By Jared Newman | Monday, July 6, 2009 at 2:58 pm
With new video game-related purchases flattening over the last few months, we’re starting to hear that the recession is catching up to the industry, but that doesn’t mean people are playing less.
To the contrary, a study by Nielsen found that video gaming, in hours played per week, is bigger than ever. As seen in the graph below, gamers — defined as people who purchase a game in the last six months and play at least an hour per week — are spending an extra two hours playing per week compared to the last two years.
The results appear to corroborate two other recent developments: Used game sales are on the rise (according to industry analyst Michael Pachter and to Nielsen’s own survey results) and new game sales are lower this year than in 2008, according to The NPD Group. For good measure, Nielsen asked its survey respondents how many DVDs they purchased over the last six months and found, unsurprisingly, that the numbers are roughly on par with last year, and lower than those from 2007.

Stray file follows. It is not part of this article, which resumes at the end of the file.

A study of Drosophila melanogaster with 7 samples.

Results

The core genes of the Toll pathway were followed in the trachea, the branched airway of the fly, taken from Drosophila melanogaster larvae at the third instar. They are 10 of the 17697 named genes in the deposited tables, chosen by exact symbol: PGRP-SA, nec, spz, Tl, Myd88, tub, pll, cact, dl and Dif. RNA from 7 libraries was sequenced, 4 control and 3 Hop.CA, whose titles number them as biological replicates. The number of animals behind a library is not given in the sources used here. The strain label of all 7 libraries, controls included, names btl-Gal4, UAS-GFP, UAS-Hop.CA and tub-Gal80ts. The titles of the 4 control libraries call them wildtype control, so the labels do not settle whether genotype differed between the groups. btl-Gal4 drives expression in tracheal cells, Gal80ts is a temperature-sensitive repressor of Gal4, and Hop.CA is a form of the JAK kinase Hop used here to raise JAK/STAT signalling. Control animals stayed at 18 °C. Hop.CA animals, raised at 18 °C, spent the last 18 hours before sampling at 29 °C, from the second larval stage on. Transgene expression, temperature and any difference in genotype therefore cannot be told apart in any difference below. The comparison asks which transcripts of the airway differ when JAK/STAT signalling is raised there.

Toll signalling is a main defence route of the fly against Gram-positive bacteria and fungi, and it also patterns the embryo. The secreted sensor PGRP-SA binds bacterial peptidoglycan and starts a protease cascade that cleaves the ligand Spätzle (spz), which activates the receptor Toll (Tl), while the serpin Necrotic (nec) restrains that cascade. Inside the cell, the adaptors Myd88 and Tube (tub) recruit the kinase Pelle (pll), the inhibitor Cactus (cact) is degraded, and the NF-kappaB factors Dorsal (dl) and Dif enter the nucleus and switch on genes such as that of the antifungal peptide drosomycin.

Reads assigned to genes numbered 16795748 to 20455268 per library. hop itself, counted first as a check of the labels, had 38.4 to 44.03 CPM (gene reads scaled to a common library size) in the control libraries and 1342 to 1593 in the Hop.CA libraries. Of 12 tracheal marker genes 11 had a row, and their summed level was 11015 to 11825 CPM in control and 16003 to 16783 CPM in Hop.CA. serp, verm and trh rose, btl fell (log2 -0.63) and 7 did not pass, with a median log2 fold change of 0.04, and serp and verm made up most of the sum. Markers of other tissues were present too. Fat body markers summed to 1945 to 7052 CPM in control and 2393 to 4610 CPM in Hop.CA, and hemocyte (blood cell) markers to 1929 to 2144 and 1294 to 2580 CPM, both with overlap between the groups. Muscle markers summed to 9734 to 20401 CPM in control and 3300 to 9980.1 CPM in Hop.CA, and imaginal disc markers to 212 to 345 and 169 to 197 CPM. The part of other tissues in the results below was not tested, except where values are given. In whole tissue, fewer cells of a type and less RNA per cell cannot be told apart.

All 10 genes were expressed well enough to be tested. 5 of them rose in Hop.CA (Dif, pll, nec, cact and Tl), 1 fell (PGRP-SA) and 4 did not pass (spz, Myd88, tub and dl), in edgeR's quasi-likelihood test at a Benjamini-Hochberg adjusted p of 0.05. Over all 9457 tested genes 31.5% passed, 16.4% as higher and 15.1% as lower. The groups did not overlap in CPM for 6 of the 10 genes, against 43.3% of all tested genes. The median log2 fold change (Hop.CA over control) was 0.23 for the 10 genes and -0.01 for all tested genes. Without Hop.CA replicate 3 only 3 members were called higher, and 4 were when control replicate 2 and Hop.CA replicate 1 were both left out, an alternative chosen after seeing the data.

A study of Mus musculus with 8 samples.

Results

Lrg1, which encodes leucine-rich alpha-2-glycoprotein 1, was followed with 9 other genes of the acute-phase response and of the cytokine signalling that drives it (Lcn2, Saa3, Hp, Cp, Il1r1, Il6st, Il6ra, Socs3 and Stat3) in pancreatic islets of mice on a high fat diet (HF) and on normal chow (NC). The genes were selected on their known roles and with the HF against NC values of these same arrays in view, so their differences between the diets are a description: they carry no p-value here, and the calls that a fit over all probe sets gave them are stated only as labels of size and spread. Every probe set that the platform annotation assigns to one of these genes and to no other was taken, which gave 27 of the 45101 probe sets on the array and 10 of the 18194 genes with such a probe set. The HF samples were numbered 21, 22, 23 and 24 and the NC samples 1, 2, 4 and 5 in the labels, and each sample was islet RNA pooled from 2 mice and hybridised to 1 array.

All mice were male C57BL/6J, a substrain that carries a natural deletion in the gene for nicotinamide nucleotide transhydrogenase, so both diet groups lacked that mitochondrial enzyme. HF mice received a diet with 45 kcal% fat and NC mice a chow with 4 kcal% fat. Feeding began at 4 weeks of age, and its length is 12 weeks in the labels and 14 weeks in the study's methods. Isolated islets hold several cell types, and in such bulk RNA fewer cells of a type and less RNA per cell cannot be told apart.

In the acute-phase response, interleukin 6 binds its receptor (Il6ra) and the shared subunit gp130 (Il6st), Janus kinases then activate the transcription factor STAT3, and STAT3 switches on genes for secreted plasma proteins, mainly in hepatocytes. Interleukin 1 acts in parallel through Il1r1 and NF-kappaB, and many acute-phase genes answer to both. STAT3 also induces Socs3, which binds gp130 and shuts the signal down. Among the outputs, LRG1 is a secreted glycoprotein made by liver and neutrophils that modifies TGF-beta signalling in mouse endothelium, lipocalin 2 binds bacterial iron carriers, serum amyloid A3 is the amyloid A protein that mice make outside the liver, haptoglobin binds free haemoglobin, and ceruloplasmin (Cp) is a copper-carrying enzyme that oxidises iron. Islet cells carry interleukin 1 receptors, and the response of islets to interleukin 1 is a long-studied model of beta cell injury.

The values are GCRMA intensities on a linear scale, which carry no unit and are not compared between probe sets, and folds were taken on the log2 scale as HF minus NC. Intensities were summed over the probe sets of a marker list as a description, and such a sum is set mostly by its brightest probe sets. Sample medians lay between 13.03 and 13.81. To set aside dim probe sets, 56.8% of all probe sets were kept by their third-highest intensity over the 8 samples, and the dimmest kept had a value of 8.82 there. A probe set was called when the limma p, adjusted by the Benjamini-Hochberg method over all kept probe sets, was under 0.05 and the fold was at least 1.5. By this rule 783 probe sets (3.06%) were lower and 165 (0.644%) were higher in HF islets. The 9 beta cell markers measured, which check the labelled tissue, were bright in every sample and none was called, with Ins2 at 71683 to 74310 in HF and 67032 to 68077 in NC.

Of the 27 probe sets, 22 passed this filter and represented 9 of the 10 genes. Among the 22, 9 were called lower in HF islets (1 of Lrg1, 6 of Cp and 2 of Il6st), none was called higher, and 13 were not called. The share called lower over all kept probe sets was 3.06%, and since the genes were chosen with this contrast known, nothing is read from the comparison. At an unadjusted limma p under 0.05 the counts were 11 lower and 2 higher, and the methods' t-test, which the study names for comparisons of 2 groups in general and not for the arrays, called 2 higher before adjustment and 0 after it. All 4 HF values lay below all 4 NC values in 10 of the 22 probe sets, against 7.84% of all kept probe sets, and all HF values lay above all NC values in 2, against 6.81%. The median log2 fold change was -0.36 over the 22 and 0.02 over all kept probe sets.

It’s easy to pin these changes on the recession, but as NPD has said for the last couple of months, the first half of 2008 was cluttered with blockbusters, such as Mario Kart Wii and Grand Theft Auto IV. This year’s new releases are weaker in terms of buzz.
But common sense says that blockbusters don’t necessarily make for the best games. In a twist, Nielsen found that 34 percent of people who played more said they liked this year’s games better. This is most true for Playstation 3 owners (41 percent), who are finally getting long-awaited titles such as Killzone 2.
A full examination of how the recession affects gaming would look at playing habits within individual games. Are players milking each title for all its worth or ditching their games halfway through? This sort of data isn’t available in Nielsen’s study, but it’d be interesting to know.